POTS and MALS (abdominal vascular compression)

kangaSue


It appears that POTS commonly occurs in a lot of people who also have the co-morbidity of the abdominal vascular compression disorder called Median Arcuate Ligament Syndrome (MALS).
http://meetings.ssat.com/abstracts/2015/566.cgi

MALS also results in having abdominal pain, which can be severe, and GI dysmotilty issues so in anyone with POTS and GI problems, I suggest getting any doctor to listen to your bowel sounds for a bruit sound and get a Doppler Ultrasound test of your mesentery arteries even in the absence of a bruit to see if there is any discrepancies in your bowel blood flow velocities for the celiac and superior mesentery arteries.
https://gastroenterologen.no/2013/11/the-celiac-ganglion-artery-compression-syndrome-cgcs/

Looking further into it, having MALS and POTS together may be even more prevalent in those who also have Ehlers Danloss Syndrome.
 


It seems that only very badly affected people are diagnosed and go under surgical treatment,
so other people that are less severely affected will have to manage it in another way...:thumbsup:
 

Hmmm, fascinating is what you call when it happens to someone else, bloody frustrating is the term when you are the possible recipient ;)
It seems that only very badly affected people are diagnosed and go under surgical treatment,
so other people that are less severely affected will have to manage it in another way.
I've seen this ruled out by doctors in a number of cases of just GI dysmotility because the degree of stenosis didn't match the text book's guideline of a 70% or more reduction in blood flow through the celiac artery. One vital point which is widely hypothesised in the literature that many doctors aren't aware of, or are dismissive of the fact that it can occur, is that because of the repeated episodes of intestinal ischemia/reperfusion injury, a situation called ischemia/reperfusion no-reflow phenomenon can develop so blood flow through the microvascular network is impaired too (non-occlusive mesenteric ischemia) leading to a more widespread lack of oxygen to the bowel during the digestion process.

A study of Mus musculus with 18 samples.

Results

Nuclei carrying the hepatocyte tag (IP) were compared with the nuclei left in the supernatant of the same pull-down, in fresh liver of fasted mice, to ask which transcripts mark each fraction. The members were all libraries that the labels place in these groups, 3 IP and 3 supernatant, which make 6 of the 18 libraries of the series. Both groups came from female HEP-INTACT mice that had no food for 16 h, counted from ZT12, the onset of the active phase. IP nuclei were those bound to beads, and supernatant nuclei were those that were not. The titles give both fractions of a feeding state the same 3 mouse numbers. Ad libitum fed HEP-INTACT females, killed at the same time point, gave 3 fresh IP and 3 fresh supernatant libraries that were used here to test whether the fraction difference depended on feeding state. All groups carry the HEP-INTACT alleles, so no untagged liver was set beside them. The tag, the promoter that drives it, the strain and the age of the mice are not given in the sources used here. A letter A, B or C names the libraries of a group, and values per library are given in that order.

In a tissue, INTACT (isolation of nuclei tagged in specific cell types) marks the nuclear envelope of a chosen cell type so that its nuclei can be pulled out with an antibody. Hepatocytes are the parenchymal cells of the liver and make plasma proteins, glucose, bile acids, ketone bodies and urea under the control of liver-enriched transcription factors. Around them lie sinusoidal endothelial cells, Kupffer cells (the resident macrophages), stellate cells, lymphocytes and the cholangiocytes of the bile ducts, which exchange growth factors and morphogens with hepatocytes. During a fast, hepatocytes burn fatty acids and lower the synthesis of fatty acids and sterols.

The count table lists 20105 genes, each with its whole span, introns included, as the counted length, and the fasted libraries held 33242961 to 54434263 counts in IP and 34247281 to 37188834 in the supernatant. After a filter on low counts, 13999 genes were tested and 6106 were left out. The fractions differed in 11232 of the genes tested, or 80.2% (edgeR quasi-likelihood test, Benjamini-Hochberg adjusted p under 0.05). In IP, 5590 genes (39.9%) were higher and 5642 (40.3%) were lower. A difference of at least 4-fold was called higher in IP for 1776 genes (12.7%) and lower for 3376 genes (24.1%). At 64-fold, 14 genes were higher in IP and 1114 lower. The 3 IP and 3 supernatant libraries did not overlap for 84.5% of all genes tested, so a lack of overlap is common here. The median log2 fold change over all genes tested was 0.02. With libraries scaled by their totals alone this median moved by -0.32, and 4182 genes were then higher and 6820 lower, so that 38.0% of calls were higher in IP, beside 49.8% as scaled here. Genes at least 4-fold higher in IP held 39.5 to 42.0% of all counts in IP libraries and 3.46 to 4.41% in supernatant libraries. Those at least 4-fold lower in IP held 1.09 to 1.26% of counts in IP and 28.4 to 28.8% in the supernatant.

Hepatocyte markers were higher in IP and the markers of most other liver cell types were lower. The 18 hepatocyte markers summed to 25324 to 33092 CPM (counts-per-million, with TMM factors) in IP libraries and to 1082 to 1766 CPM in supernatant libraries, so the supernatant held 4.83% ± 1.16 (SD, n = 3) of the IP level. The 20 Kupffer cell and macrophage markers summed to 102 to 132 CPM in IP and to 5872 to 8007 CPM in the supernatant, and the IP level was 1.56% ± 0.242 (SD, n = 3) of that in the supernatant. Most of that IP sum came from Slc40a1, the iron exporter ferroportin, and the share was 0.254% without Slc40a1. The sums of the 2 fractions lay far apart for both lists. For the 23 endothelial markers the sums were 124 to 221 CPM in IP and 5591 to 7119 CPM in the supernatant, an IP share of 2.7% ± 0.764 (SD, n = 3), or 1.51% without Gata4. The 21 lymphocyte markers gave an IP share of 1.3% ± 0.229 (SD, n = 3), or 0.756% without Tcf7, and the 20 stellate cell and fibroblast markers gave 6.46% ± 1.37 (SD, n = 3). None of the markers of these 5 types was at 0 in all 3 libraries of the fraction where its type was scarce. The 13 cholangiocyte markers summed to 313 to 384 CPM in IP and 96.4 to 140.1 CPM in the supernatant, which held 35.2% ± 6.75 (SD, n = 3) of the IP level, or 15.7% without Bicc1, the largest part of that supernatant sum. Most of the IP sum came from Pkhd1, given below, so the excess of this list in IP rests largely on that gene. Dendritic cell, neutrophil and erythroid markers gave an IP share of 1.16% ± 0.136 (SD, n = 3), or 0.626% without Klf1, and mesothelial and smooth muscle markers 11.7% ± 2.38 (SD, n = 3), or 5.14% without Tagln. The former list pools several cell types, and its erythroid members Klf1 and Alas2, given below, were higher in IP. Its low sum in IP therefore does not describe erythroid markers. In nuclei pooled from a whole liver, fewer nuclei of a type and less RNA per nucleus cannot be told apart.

This is probably something that I have affecting the large bowel in which I found a nitrate vasodilator med (nicorandil) helped a lot with symptoms of gastroparesis. Others have mentioned to me that vasodilating things like Viagra (or similar derivatives) or nitric oxide boosting supplements have helped them with GI dysmotility symptoms too, something which I would say has to do with boosting bowel artery blood flow and worth trying even with mild symptoms.
 

pattismith


I wonder if someone can have both MALS and Nutcracker;
The first one is worst in the supine position (especially after eating or drinking), whereas the second syndrome is worst in the erect position...It might not be fun to suffer from both!
 

kangaSue


I wonder if someone can have both MALS and Nutcracker;
The first one is worst in the supine position (especially after eating or drinking), whereas the second syndrome is worst in the erect position...It might not be fun to suffer from both!
@pattismith It doesn't appear to be as common as the SMA/ Nutcracker combination but yes, MALS/Nutcracker can occur together too.There's not many papers around about it and I found a greater mention of it occuring together in searching other forum discussions.
http://www.jvascsurg.org/article/S0741-5214(14)01205-1/fulltext

You can have a "floating kidney" (renal ptosis) with nutcracker Syndrome so more compression is applied to the SMA and left renal vein when you are in an upright position.